Hacktivist Guccifer strikes, Hammond pleads guilty

Hacktivist Guccifer strikes, Hammond pleads guilty


Guccifer, who struck fear in the hearts of politicians after accessing high-level email accounts, briefly detoured into attacks on Sex and the City creator Candace Bushnell and famed Watergate journalist Carl Bernstein, granting a reprieve to political elites.

However, on May 28, he sent screen-shots of Kojm’s personal email account to The Smoking Gun, one of the publications Guccifer uses to announce his hacking victories.

The screen shots of Kojm’s msn.com email account suggests Guccifer accessed it within the last week.

According to the web site for The National Intelligence Council, or NIC:

The National Intelligence Council supports the Director of National Intelligence in his role as head of the Intelligence Community (IC) and is the IC’s center for long-term strategic analysis.

Since its establishment in 1979, the NIC has served as a bridge between the intelligence and policy communities, a source of deep substantive expertise on intelligence issues, and a facilitator of Intelligence Community collaboration and outreach.

Much of the work of the NIC is classified.

Before working for the NIC, Kojm was a congressional staffer. He was a senior adviser to the Iraq Study Group, executive director of the 9/11 Commission and a member of President Obama’s transition team focusing on national security.

By hacking the email account, Guccifer accessed Kojm’s personal emails, banking information, discussions with 9/11 Commission members and material from the 2008 Obama transition.

Information provided by Guccifer to The Smoking Gun does not include classified information from the NIC.

Earlier this month, Guccifer targeted Director of the Pension Benefit Guaranty Corporation, Joshua Gotbaum. The Corporation oversees $85 billion in assets which guarantees the pensions of more than 40 million people.

True to form, Guccifer included a narrative along with the revelation of his latest hack. TSG described the accompanying note as “lengthy” and “rambling.” In it, Guccifer calls President Obama “The Black Angel.” He also taunts law enforcement, specifically the Secret Service, which is attempting to identify and capture him. He ends his note saying, “Good night America where ever you are.”

In previous notes accompanying hacks, Guccifer has talked about Illuminati conspiracies and made anti-Semitic statements.

Guccifer’s somewhat random attacks with no apparent goal other than notoriety contrast starkly with hactivism by high-profile groups such as Anonymous.

Earlier this week, hacktivist Jeremy Hammond pleaded guilty to hacking the servers of private intelligence firm Strategic Forecasting, Inc. The attack compromised 60,000 credit card numbers and accessed 5 million email messages, many of which have since appeared on Wikileaks.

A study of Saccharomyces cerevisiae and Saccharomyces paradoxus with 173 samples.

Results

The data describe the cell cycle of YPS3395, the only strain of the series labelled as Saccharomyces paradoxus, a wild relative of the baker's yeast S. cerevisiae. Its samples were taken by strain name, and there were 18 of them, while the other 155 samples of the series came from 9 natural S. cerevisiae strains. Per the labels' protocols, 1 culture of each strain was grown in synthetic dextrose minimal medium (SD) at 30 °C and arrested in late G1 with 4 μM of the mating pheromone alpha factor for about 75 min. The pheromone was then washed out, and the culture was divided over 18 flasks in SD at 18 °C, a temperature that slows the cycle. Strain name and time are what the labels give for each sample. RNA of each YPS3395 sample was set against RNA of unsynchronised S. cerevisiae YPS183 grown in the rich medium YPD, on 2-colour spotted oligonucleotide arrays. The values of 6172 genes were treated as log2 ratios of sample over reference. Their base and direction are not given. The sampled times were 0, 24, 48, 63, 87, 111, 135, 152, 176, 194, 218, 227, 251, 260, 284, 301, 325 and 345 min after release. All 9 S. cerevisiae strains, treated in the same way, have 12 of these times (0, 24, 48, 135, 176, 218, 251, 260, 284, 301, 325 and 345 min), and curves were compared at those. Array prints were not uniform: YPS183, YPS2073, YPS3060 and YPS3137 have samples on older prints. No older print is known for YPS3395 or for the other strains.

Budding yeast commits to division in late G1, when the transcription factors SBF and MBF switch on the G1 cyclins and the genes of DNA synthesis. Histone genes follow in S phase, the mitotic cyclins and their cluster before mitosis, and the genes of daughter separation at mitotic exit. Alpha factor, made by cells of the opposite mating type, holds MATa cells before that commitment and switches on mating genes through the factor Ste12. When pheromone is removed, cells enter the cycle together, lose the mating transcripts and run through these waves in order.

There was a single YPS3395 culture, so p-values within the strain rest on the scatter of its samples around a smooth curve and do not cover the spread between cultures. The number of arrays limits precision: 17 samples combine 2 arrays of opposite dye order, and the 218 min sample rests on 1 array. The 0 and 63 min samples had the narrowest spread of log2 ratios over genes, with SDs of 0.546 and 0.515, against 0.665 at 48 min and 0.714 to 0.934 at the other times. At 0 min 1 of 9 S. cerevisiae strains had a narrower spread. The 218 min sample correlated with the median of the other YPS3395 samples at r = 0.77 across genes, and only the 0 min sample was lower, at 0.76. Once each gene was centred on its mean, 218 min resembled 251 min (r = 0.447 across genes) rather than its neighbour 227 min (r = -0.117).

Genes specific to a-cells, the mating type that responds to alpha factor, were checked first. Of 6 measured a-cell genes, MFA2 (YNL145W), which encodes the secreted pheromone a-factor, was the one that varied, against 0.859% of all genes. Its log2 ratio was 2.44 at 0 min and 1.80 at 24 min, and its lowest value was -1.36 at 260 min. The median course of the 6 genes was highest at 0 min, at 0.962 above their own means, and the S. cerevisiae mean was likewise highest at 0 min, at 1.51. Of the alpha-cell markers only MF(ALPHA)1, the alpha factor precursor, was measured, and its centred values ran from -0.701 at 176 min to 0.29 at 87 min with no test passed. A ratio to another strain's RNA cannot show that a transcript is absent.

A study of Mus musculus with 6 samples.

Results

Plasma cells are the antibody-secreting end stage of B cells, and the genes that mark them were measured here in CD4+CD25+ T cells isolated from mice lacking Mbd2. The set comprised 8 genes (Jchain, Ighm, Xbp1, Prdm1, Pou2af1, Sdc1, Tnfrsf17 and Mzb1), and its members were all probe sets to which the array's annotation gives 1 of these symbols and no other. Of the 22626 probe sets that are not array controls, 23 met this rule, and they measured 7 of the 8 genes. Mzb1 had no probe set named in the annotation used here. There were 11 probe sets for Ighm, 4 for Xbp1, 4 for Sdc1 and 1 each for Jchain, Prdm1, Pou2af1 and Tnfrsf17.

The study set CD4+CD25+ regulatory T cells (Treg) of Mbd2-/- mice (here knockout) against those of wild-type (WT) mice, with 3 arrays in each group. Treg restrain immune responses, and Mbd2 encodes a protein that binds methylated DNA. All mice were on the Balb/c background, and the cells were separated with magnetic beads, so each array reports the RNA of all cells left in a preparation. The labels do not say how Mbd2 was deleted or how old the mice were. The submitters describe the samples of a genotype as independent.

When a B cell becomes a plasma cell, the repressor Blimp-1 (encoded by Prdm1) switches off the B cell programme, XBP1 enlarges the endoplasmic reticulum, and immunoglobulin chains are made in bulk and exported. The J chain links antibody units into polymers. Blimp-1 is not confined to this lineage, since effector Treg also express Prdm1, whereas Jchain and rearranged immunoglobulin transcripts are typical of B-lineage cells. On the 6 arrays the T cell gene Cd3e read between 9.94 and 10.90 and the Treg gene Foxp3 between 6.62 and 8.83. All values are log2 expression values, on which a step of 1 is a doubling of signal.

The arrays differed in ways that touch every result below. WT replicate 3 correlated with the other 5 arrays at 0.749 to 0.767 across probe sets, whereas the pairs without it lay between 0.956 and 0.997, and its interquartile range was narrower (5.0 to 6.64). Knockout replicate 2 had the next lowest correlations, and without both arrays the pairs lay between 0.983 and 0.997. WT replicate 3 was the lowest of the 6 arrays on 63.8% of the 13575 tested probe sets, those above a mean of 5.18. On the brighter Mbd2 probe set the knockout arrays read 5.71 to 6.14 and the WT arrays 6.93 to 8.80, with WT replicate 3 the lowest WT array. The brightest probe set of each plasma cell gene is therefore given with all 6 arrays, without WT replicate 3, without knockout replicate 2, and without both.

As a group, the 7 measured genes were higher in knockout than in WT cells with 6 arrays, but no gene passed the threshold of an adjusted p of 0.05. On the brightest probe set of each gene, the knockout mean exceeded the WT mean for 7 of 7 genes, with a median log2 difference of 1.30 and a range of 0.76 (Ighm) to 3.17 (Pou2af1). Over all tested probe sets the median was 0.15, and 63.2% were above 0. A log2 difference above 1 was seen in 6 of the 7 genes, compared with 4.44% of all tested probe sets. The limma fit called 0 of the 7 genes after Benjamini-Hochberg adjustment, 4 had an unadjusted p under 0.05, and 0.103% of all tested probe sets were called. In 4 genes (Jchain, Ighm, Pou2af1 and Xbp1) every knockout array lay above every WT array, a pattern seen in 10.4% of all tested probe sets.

In his press release, Hammond said, “Now that I have pleaded guilty it is a relief to be able to say that I did work with Anonymous to hack Stratfor, among other websites. Those others included military and police equipment suppliers, private intelligence and information security firms, and law enforcement agencies. I did this because I believe people have a right to know what governments and corporations are doing behind closed doors. I did what I believe is right.”

Under the terms of his plea agreement, he now faces up to 10 years in prison and restitution of up to $2.5 million. He is currently detained at a federal detention center in New York, where he has resided since his arrest last March.

Hammond, along with several fellow hackers, were caught after Hector Xavier Monsegur, leader of a hacking team, became an FBI informer.

His sentencing is set for September 6.

Hacktivists like Hammond say they access computers and computer networks to promote their political beliefs. They generally advocate free speech, free information, human rights. They compare their hacking to activism, protest and civil disobedience.

The group Anonymous has brought hacktivism to the general public, and recently announced support for Florida teen Kaitlyn Hunt, facing felony prosecution in a same-sex underage sex case.

Hacktivists use computers to promote a political agenda.

Guccifer appears to hack because he can.

Lisa M. Ruth is Editor-in-Chief of CDN. In addition to her editing and leadership duties, she also writes on international events, intelligence, and other topics. She has worked with CDN as a journalist since 2009. Lisa is also President of CTC International Group, Inc., a research and analysis firm in South Florida, providing actionable intelligence to decisionmakers. She started her career at the CIA, where she won several distinguished awards for her service. She holds an MA in international relations from the University of Virginia, and a BA in international relations from George Mason University. She also serves as Chairman of the Board of Horses Healing Hearts, and is involved with several other charitable organizations, including Habitat for Humanity, The Boys and Girls Clubs of America, and AYSO.